With preparations for new local elections under way, following a succesful military venture by the Comoros Union government and African Union (AU) troops to restore order to the renegade island by force, deeper humanitarian concerns have emerged. Last week a combined military force toppled Mohamed Bacar, a rebel leader who had defied demands to re-run local elections, deemed illegal by the AU and Union government. Bacar has fled and is believed to be on the French isalnd of Reunion.

Ahmed Abdalla Sambi, president of Comoros, has urged peaceful demonstrations against France after it moved the defeated president of Anjouan island to Reunion. Mohammed Bacar fled by speedboat to the nearby French-ruled island of Mayotte after an African Union backed military invasion.

Comoros demanded on Thursday that France hand over a rebel leader wanted by the Indian Ocean archipelago for crimes against humanity and troops fired teargas to stop protests against the former colonial power. Mohamed Bacar, the 45-year-old self-declared leader of Anjouan island, fled to nearby French-run Mayotte during a lightning offensive by African Union and Comorian forces. The French government said he has asked for political asylum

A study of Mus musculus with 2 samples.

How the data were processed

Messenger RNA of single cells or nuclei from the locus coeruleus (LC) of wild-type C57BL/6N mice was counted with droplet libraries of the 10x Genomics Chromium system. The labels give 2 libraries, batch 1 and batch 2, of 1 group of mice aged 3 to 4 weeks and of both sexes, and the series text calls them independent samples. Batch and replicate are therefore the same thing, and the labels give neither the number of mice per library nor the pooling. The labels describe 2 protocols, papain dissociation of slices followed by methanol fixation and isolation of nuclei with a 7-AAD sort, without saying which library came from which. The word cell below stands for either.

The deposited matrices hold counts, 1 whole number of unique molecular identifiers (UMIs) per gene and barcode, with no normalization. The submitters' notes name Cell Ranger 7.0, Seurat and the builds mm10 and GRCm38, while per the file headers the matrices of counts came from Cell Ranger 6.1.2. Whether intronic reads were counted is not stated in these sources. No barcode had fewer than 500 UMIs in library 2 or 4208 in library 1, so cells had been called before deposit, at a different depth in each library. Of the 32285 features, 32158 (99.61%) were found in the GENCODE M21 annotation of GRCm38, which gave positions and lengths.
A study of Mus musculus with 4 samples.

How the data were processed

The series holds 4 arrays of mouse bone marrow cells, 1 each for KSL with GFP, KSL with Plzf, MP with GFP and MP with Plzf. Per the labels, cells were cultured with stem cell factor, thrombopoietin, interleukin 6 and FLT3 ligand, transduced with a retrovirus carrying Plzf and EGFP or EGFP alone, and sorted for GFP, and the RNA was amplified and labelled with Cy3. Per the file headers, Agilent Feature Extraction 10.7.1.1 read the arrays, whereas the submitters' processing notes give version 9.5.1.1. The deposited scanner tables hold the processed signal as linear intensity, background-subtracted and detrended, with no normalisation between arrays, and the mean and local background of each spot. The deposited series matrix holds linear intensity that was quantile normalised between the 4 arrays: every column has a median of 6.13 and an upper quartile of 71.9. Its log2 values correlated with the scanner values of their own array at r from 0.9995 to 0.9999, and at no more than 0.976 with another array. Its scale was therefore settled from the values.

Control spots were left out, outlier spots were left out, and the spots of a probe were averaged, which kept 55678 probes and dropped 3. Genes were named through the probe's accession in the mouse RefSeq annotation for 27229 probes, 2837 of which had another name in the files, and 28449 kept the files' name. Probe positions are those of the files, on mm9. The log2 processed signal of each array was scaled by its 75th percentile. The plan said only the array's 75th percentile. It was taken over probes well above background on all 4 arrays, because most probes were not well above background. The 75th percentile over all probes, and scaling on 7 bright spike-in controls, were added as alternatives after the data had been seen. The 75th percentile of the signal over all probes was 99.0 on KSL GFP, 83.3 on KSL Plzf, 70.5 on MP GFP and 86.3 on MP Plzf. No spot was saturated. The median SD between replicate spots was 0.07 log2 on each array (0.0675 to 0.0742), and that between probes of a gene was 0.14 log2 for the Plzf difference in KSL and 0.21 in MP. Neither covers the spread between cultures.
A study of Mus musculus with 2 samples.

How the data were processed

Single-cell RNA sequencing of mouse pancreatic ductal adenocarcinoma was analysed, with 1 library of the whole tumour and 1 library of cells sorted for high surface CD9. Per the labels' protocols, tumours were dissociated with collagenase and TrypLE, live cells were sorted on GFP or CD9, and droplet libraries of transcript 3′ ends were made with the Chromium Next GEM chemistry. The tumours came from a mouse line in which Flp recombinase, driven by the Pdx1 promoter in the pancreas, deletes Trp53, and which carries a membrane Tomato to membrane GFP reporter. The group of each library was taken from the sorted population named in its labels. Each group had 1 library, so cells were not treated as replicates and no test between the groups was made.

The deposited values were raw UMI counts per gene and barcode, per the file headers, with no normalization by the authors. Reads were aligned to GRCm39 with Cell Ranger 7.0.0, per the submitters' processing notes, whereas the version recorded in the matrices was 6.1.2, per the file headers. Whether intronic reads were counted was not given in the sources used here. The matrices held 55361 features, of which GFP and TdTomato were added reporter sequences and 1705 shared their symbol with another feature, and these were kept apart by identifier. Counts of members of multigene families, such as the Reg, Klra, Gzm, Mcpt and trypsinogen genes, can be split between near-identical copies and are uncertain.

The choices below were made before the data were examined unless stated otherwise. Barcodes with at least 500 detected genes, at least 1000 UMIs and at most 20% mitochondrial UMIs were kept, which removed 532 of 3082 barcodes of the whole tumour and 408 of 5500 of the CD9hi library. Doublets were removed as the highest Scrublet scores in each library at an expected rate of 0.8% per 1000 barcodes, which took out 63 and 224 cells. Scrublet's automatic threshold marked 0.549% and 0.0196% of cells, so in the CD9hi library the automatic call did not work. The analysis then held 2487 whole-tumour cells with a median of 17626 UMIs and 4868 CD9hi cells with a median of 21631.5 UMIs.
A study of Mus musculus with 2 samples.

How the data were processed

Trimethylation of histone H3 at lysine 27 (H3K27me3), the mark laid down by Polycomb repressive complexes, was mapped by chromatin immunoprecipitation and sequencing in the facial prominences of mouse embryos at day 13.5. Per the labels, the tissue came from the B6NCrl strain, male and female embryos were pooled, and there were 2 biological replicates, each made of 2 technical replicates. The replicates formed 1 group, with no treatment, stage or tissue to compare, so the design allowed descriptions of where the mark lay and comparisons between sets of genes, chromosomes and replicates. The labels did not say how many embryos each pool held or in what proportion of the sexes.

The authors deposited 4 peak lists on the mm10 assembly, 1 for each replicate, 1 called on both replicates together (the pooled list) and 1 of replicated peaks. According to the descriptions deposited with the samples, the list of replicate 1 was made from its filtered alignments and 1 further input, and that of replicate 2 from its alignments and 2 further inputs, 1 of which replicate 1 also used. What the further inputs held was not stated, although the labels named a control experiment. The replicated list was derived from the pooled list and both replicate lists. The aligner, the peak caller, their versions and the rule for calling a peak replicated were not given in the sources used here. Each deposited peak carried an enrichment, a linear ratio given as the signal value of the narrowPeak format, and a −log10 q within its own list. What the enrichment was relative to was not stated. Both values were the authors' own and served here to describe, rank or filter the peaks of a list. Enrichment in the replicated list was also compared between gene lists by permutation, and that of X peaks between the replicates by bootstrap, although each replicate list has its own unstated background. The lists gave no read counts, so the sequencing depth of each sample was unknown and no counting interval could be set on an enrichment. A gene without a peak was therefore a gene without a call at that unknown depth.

Troops from the Comoros archipelago in the Indian Ocean have recaptured most of the island of Anjouan after a year-long rebellion, officials say. They said troops backed by an African Union force had taken Anjouan's main city and airport with light resistance.

The African Union (AU) backed military action against the island of Anjouan's renegade leader Mohamed Bacar in the Comoros archipelago had reached "the point of no return", despite an offer for more talks to resolve the nine month stand-off. "We have exhausted all available opportunities to end the political dispute in the Comoros without any success," Membe told a news briefing in Tanzania's commercial capital, Dar es Salaam on 14 March.